Tan to Gold. Butternut’s tawny heartwood ranges from a bronze tan to a golden brown. Occasional black streaks provide contrast and color. Its sapwood is a creamy white.
Black walnut's pale cousin
Even though it is sometimes called white or blonde walnut, to dismiss butternut as simply an under-pigmented version of black walnut is to do it a disservice. The grain structure of the two species is similar as is the appearance of the source trees, so you can see how the comparison was drawn. But there are some significant differences. Obviously, butternut’s tawny coloring is quite different from walnut. It is also softer, lighter in weight, a bit weaker, and less expensive. As I’ll explain, these differences are what set the species apart and make it worthy of consideration for a variety of projects. I am also saddened to tell you that this noble species is threatened across its range.
Where the wood comes from
Butternut (Juglans cinerea) is a denizen of eastern North America. While old-growth trees used to reach impressive size—4'+ in diameter and 100'+ tall, today’s butternut trees are smaller—up to 2' in diameter and 40-60' tall—and only grow in about 10% of their former range. The species is not listed on either the CITES or IUCN Red List, but that may soon change. The trees are suffering from a widespread fungal disease called “Butternut Canker” that is worrisome enough that the US Fish and Wildlife Service has listed it as a “species of federal concern.” When and while you can still find it, butternut is available as lumber in thicknesses from 4 /4 - 16 /4, in widths typically from 4-10" and in lengths to 12'. Pricing is generally under $10/board foot. Butternut plywood and veneer are also available.
History in woodworking
In the days when horses provided most of the power for transportation, butternut’s light weight made it a favored choice for carriage paneling. It was also frequently used for architectural detailing in fine homes. If you have the opportunity to visit Grey Towers, the Milford, PA, home of Gifford Pinchot, first head of the U.S. Forest Service, you’ll find the entire library trimmed and paneled in butternut. And as the wood is quite soft and easy to shape, it was often used for heavily carved church altars and lecterns. These days you’re more likely to see butternut, in veneer form, incorporated into high end cabinetry and other millwork. Aside from woodworking, eighteenth and nineteenth century farmers also extracted a dye from butternut trees that they used to color their clothing. During the Civil War, Confederate soldiers were sometimes referred to as “Butternuts” for the brownish-yellow hue of their handmade uniforms.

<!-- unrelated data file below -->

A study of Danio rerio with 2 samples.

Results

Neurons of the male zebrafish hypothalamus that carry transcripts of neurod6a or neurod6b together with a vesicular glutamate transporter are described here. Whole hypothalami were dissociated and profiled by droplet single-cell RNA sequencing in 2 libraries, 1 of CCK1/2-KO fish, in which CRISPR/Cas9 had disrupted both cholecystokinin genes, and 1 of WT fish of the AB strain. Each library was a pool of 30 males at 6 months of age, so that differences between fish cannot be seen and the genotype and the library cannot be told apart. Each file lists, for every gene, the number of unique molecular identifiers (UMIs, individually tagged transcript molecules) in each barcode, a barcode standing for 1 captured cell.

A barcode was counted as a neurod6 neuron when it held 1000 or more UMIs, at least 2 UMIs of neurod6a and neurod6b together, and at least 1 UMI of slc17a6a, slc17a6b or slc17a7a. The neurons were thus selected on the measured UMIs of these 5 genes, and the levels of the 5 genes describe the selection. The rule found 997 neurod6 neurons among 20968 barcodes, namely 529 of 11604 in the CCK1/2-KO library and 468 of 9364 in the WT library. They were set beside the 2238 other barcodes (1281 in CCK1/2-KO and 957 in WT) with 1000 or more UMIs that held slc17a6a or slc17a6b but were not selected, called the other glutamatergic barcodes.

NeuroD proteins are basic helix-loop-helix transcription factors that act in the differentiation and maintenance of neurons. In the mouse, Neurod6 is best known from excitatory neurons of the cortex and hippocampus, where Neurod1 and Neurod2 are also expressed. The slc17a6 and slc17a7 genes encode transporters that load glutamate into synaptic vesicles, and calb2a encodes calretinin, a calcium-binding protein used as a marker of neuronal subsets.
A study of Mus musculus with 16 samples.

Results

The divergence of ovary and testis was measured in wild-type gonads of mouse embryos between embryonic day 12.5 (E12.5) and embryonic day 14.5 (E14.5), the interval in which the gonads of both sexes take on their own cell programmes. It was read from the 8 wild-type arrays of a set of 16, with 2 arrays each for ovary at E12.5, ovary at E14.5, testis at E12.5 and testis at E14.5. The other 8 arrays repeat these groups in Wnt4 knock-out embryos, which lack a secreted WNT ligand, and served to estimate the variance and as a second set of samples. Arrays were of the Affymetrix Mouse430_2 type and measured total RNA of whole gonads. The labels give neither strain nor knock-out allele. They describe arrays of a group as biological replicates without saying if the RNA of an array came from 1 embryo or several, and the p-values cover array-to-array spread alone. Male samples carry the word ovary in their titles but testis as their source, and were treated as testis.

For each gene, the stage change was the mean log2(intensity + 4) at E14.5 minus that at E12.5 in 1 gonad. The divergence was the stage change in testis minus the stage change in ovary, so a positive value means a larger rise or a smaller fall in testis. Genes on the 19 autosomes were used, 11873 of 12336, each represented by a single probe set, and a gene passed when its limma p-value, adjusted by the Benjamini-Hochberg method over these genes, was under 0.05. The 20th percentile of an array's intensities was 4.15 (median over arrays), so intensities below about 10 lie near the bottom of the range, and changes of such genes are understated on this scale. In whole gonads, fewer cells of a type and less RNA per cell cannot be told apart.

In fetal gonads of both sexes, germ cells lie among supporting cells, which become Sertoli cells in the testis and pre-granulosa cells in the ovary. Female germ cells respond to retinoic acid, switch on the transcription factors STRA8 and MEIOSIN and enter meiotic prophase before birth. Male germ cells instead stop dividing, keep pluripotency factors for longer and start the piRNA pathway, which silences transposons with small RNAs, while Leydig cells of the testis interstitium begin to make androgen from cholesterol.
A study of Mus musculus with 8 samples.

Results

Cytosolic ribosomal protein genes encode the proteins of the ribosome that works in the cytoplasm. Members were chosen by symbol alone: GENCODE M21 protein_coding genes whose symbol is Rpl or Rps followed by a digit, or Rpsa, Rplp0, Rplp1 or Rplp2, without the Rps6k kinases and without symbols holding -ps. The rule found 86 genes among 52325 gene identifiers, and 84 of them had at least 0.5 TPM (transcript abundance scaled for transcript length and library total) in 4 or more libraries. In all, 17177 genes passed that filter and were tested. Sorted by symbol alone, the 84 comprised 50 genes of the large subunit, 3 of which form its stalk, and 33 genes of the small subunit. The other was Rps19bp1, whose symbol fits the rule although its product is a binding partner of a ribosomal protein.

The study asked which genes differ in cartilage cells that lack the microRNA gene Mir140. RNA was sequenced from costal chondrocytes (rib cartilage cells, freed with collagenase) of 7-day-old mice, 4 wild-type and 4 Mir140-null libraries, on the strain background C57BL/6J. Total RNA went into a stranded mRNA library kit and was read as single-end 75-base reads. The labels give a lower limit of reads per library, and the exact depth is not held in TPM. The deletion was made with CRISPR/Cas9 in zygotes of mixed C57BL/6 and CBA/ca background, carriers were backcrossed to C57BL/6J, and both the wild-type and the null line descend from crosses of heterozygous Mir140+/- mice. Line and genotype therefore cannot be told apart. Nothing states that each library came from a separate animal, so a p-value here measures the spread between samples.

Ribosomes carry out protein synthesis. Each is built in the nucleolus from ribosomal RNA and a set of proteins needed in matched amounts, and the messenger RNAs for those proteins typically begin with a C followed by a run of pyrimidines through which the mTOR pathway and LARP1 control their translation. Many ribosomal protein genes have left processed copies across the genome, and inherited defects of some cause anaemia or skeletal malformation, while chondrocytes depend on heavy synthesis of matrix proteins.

Working and finishing
In many ways, butternut is a joy to work, especially with handtools. It carves extremely well, so is an excellent choice for sculpted work and its lightness makes it a good candidate for projects such as the tool box on page 32 that will be toted about. It is nearly as soft as white pine, and cuts with little effort when worked with the grain. Cutting against the grain, however, is a different story. The wood is so soft that it doesn’t resist being cut the wrong way. Instead, the stringy nature of the wood’s structure becomes apparent as the surface fuzzes and tears out in long fibers ahead of the tool. This fuzziness can make milling and even sanding a bit tricky. The wood abrades quickly with coarse sandpaper, but instead of cutting through the fuzz, the abrasive seems to emphasize it. So rather than starting with 60 or 80 grit, I found it worked better to start at about 120 and then to spend extra time with the finer grits. The wood glues and finishes well, with no special preparation required. Take care not to strip the holes when driving screws, especially with a power driver. And be careful not to bump it or place it on debris-covered surfaces as it dents readily. Because it isn’t especially strong and is a bit brittle, it isn’t a good choice for bending.
- Musical instruments
In the classroom
When I teach beginning woodworkers how to use hand planes, butternut is frequently my wood of choice. It is soft enough that even those without a lot of upper body or hand strength can immediately have success. It also gives immediate feedback as to how to read grain. Cuts made with the grain yield a silky smooth, shimmering surface, while those against it tear, although usually without the tool digging in too badly— perfect for giving beginners confidence in their budding skills. The wood is also nice for handsawing joints such as dovetails, though chopping out the waste begs for sharp chisels as the soft fibers crush and tear readily under all but the keenest of edges.
As for beginning projects, I am fond of using butternut for small pieces such as boxes though I tend to avoid it for larger furniture work as it dents so easily. That said, I have used it very successfully in hand-tool classes where students have made small Shaker-style end tables, planing all the surfaces and cutting all the joints entirely by hand.
Confidence booster. Butternut is soft enough that nearly anyone can get the hang of using a block plane and reading grain in a short amount of time.